Reporting lowered sales because of a year-old police initiative to crack down on underage drinking in the city, local bar and liquor store owners are considering new policies and warning students to obey the law.
MPD spent $88,000 in federal grant money to launch the D.C. Campus Alcohol Reduction Effort last December, said Lt. Patrick Burke, MPD’s traffic safety coordinator.
Burke said underage drinking arrests in MPD’s second district, which includes GW and Georgetown University, rose “substantially” in the last year but he has not yet added the total numbers. He said MPD arrested almost 200 minors in the second district last month and hopes to have the statistics for the year by Dec. 14.
As part of D.C. CARES, plainclothes officers patrol bars and clubs and use scanners to find fake IDs at popular hangouts such as Lulu’s Club Mardi Gras on 22nd Street.
District liquor store and club owners said their establishments are in a difficult situation. They said they try not to promote underage drinking but want to turn a profit. Some said their business has declined since D.C. CARES began.
Lulu’s manager Anthony Cadallo said the club purchased its own ID scanner in March. Bouncers use the scanners on the weekends if they suspect a driver’s license is false.
“It was bad,” he said, referring to fake ID use before he bought the scanners. “We were getting an average of 75 to 100 fake IDs a night.”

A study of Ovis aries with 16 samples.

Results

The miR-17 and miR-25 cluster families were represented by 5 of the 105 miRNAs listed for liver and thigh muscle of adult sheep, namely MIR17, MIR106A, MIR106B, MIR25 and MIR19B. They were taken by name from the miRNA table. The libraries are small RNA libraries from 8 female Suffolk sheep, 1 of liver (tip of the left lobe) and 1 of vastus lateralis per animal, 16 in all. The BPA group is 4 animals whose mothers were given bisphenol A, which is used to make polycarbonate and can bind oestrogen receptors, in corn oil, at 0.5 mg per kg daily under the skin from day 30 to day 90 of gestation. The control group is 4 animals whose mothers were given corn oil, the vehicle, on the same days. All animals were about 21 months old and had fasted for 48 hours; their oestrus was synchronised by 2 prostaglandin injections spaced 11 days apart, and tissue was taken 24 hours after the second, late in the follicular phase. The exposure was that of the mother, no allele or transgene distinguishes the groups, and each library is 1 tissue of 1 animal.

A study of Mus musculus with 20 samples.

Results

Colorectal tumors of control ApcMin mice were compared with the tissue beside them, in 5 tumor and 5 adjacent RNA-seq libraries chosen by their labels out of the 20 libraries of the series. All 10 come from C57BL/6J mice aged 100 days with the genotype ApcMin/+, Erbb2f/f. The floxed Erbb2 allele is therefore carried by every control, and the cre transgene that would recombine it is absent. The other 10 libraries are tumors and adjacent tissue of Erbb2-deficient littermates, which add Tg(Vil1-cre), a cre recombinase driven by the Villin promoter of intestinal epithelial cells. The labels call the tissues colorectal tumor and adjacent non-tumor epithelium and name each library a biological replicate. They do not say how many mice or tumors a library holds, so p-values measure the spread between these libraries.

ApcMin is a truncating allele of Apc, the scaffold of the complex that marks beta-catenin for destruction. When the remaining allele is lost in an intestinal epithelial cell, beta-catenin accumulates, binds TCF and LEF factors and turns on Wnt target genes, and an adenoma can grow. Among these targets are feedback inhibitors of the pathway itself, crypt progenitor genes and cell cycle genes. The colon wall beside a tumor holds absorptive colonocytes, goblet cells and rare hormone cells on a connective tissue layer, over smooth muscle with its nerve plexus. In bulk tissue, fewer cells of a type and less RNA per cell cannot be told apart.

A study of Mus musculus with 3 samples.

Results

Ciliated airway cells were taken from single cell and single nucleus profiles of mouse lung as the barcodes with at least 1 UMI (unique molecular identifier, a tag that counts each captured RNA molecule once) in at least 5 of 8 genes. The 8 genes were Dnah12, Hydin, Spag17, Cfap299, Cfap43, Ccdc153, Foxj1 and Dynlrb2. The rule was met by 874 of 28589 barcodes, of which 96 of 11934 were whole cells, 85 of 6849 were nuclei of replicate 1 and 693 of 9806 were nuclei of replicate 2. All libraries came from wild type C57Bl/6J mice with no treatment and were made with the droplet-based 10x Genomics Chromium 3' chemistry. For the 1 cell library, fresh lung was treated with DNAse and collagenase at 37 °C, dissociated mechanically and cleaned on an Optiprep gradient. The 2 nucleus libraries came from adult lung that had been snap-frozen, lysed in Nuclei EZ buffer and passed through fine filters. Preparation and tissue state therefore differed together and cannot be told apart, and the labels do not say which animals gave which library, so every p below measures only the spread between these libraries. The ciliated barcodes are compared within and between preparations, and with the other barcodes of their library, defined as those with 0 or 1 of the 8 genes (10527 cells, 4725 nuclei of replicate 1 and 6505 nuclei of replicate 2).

When the D.C. CARES program began, Cadallo said, plainclothes officers patrolled for underage drinking every weekend. They visited less frequently as the club started getting only one or two fake IDs a night, he said, adding that he has not seen an arrest in months.
Cadallo said Lulu’s lost its reputation as a college bar after policies for scanning IDs changed. A new reputation for being strict has meant less popularity among students in the area, he said.
“We didn’t want that reputation but we don’t want kids going to jail and don’t want underage drinking in the club,” Cadallo said.
Lulu’s no longer hosts 18 and over events and has changed its target marketing to an older crowd, he said.
Cadallo said MPD has concentrated on smaller bars and pubs and liquor stores recently.
Brian Fischer, owner of Riverside Liquors since 1977, said MPD has recently increased patrols and “camps out in front” of the E Street store. He said students should be aware that police are actively looking to catch them with fake IDs.
“Back in Lima, Ohio, you might have been hot stuff,” Fischer said. “You’re now in Washington, D.C., where the big dogs are waiting in the grass for you to come out with your 30-pack of Busch Light.”
He said MPD officers told him they will double patrols until Christmas and that students should “beware.”
“It changes your life to get this arrest,” Fischer said. “If you want to drink that badly, find someone who is 21 to buy it for you.”
Owners of other local liquor stores also said they have seen an increase in police patrols at their stores in the last year.
Tokay Liquors owner Kyu Shik Kwak said the Columbia Plaza store’s business has gone down in the past year.
Mark Miller, manager and part owner of Dixie Liquors on M Street in Georgetown, said the store’s business has not decreased and he would like to work with MPD to help stop customers from using fake IDs.
When MPD arrested a woman outside his store for using a fake ID a year and a half ago, officers would not tell him how they know it was fake, he said.
Miller said his employees look for vital information on IDs such as eye color to match the person’s appearance, but they are not trained to catch every state’s ID.
“They make the retailers out to be the bad guys,” Miller said. “If someone gives me an ID from Maine, how am I supposed to know they’re not from Maine?”